This special edition is the fastest yet around the Nurburgring

The hottest Golf R can trace its roots to the legendary Golf R32. PHOTO FROM VOLKSWAGEN

Volkswagen’s iconic cult car, the Golf, started the hot hatch craze that became popular all over the world. While the GTI remains as the most iconic model, enthusiasts hankering for the Golf experience cranked up to 11 can opt for the Golf R.

For its 20th year, which was started by the V6-powered Golf R32, the current EA888 2.0-liter four-cylinder direct-injected and turbocharged engine has been turned up to produce 328hp, 13hp more than the regular eighth-generation Golf R.

It drives a seven-speed dual-clutch automatic transmission. The engine’s turbocharger system also receives a party trick that keeps the throttle partially open even when off-throttle to keep the turbo spinning happily, improving transient boost response and allowing the boost to come in harder and earlier in between shifts and when transitioning from braking to accelerating. The engine note is noticeably angrier and louder than the regular Golf R, adding to the Golf R 20 Years’ more hardcore, track-oriented sporting nature.

When a car is designed for the Green Hell, you can expect it to be fast everywhere else you go. PHOTO FROM VOLKSWAGEN

Power is then transferred to the standard all-wheel drive system that gives the Golf R impressive grip. This gives the Golf R 20 Years a top speed of 270km/h (electronically limited) and a 0-100km/h sprint accomplished in a blistering 4.6 seconds.

On the Nordschleife, the Golf R 20 Years would hit speeds of 240km/h at the Schwedenkreuz crest, and a terminal velocity of 265km/h before the unofficial start-stop by the grandstands that measures roughly 1.52km in length out of the full 2.86km Döttinger Höhe straight.

To handle the challenging bumps, ruts and jumps on the famed track, Volkswagen has endowed the Golf R 20 Years with more electronic enhancements in a special package known as the R-Performance Packagedeveloped, honed and optimized on this very racetrack. With its 154 corners of varying severity spread throughout its 20.832km length, no wonder the racetrack is famous for serious performance car development, making it easily four to six times longer than a typical racetrack.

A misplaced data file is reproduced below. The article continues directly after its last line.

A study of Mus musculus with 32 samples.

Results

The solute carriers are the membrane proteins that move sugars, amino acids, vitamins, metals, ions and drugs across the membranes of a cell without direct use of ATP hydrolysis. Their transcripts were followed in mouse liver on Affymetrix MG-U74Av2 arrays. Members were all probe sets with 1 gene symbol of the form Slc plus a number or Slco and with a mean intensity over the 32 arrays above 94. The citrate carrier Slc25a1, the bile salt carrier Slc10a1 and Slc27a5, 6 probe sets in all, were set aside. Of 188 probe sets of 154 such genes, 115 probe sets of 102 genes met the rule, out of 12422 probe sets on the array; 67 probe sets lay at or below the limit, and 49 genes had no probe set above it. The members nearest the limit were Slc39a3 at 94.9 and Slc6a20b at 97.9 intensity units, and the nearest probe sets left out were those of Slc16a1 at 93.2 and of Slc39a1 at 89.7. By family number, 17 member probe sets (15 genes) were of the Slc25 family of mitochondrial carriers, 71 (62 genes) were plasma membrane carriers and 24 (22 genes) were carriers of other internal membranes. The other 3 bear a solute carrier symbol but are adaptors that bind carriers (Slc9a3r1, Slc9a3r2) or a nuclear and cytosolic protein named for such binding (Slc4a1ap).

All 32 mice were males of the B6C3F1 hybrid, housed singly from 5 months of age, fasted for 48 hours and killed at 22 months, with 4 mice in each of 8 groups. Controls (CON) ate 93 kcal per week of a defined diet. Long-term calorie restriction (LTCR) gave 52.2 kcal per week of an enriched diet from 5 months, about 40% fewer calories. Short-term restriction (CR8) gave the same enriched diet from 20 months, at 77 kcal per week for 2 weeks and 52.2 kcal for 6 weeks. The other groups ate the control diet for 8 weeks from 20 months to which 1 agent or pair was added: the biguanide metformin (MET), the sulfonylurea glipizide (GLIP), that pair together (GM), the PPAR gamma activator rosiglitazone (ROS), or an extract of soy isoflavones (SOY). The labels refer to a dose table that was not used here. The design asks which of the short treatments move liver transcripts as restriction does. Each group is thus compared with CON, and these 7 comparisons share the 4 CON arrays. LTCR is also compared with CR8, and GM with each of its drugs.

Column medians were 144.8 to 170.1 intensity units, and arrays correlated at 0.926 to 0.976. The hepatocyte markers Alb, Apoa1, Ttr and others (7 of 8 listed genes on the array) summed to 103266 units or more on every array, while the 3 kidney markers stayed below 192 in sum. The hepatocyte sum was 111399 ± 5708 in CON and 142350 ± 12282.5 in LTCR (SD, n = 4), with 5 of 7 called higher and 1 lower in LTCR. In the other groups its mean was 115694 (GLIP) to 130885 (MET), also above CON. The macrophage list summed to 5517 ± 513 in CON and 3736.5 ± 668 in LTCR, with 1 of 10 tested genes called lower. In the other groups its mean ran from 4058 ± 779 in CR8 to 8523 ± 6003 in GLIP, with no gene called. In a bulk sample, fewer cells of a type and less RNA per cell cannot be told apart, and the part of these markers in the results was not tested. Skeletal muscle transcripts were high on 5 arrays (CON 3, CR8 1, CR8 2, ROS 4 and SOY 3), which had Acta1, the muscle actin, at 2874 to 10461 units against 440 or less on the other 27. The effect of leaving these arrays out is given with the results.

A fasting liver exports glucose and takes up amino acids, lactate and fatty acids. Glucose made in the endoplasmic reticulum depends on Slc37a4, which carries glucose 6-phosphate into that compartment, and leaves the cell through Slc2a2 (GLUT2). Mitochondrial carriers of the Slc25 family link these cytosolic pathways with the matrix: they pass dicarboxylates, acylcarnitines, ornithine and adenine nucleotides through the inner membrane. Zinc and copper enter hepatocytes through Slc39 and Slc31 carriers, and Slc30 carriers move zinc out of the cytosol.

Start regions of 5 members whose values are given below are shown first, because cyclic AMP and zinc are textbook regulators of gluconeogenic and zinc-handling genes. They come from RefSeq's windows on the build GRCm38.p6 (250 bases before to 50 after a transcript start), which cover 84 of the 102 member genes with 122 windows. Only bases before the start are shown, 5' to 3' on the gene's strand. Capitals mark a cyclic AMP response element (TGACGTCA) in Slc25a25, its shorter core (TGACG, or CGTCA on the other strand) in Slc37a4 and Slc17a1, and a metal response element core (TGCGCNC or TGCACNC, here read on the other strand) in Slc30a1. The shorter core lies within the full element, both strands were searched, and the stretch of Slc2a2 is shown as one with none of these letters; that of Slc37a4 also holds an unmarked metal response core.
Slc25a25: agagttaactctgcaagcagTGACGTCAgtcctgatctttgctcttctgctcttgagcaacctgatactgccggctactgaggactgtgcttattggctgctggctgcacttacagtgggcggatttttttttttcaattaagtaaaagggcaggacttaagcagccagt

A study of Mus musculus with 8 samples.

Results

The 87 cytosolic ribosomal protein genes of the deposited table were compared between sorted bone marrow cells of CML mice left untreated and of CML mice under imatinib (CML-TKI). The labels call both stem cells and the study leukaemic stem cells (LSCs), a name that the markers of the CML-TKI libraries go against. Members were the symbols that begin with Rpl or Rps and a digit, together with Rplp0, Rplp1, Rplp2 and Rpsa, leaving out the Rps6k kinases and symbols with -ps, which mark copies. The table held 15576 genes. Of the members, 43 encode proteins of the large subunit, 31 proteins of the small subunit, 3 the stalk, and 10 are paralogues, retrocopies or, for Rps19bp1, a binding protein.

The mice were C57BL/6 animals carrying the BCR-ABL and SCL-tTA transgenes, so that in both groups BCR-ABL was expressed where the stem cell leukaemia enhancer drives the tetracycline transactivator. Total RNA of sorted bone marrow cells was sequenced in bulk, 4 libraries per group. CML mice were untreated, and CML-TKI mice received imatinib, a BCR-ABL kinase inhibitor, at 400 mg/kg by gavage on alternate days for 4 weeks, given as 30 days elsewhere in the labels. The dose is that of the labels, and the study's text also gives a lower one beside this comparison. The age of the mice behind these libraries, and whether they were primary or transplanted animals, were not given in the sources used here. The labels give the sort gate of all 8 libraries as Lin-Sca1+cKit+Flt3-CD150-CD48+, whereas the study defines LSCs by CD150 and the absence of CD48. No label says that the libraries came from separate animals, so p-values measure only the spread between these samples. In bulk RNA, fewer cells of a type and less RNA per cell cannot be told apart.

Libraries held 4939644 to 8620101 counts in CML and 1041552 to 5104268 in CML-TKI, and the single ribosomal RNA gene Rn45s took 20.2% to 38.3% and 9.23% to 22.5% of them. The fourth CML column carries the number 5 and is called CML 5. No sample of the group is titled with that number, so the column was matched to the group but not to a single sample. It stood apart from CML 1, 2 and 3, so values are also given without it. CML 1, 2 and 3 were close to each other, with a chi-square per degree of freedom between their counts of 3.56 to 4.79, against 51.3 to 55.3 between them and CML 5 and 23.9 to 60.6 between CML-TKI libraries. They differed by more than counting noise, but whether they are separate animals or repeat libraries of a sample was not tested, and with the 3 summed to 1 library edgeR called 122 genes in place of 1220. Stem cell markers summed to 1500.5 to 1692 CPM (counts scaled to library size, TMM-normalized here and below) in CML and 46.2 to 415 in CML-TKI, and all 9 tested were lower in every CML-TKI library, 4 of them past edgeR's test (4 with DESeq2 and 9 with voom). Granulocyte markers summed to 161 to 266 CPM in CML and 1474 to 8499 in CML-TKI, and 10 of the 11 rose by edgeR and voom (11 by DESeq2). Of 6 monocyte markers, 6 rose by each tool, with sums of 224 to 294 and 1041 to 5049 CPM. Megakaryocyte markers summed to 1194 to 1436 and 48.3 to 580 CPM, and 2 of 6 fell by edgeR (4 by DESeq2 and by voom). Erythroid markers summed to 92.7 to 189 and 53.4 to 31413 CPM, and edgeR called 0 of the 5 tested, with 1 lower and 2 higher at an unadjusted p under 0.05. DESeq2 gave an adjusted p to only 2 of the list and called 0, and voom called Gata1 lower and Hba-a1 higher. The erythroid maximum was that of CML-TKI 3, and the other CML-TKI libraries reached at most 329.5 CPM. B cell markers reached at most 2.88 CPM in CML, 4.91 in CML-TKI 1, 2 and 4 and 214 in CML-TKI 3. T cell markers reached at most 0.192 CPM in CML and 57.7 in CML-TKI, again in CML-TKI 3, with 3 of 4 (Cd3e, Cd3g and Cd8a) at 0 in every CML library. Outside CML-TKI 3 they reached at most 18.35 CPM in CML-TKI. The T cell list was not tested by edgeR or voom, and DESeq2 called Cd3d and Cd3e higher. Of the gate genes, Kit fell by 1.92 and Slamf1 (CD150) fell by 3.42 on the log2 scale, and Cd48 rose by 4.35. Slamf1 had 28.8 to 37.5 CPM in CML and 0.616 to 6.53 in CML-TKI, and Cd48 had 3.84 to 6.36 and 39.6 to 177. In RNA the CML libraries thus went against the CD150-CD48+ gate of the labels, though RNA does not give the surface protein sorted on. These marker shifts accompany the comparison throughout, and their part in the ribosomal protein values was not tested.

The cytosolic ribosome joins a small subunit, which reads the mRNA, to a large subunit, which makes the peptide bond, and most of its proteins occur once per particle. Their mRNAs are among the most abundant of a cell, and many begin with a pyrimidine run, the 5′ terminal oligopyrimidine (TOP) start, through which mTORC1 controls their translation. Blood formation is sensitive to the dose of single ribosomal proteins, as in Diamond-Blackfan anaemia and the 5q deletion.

Benjamin Leuchter managed to set a time of 7:47.31 around the track with this hot hatch. PHOTO FROM VOLKSWAGEN

The R-Performance Package includes the vehicle dynamics manager and the R-Performance Torque Vectoring that helps transfer more torque to the outside wheels, aiding cornering speeds, traction and stability on the twisty bits, particularly quick right-left-right transitions. With Volkswagen ace touring car helmsman and development driver Benjamin Leuchter behind the wheel, the Golf R 20 Years lapped the equally legendary racetrack in 7:47.31, besting the regular Golf R’s time by over four seconds.

Leuchter, who was key to the development of the R-Performance Package, selected the Special Driving Mode (there’s also a Drift Mode, apparently). The adjustable suspension, with its 15 levels of damping firmness, was set on the soft side to give the all-wheel-drive Golf some much-needed compliance to specifically tackle the Nurburgring’s undulating surface. In Individual mode, the driver can also fine-tune the aggressiveness of the torque vectoring system and even the engine exhaust note, as well as the engine throttle mapping.

In terms of special editions, this is more focused on performance instead of cosmetics. PHOTO FROM VOLKSWAGEN

Volkswagen says production will run for one year, making it a very special and limited future classic, though no cap has been placed on actual production figures. Hope this somehow reaches the Philippines where the Golf has many fans looking for a keen and involving driving experience in a German package.

Botchi Santos

Botchi is your friendly, walking car encyclopedia. He loves helping people choose the right vehicle for themselves as much as he enjoys picking the right one for himself. Expect him to write about car culture, test drives and car-shopping advice. His regular column is called ‘Car Life’.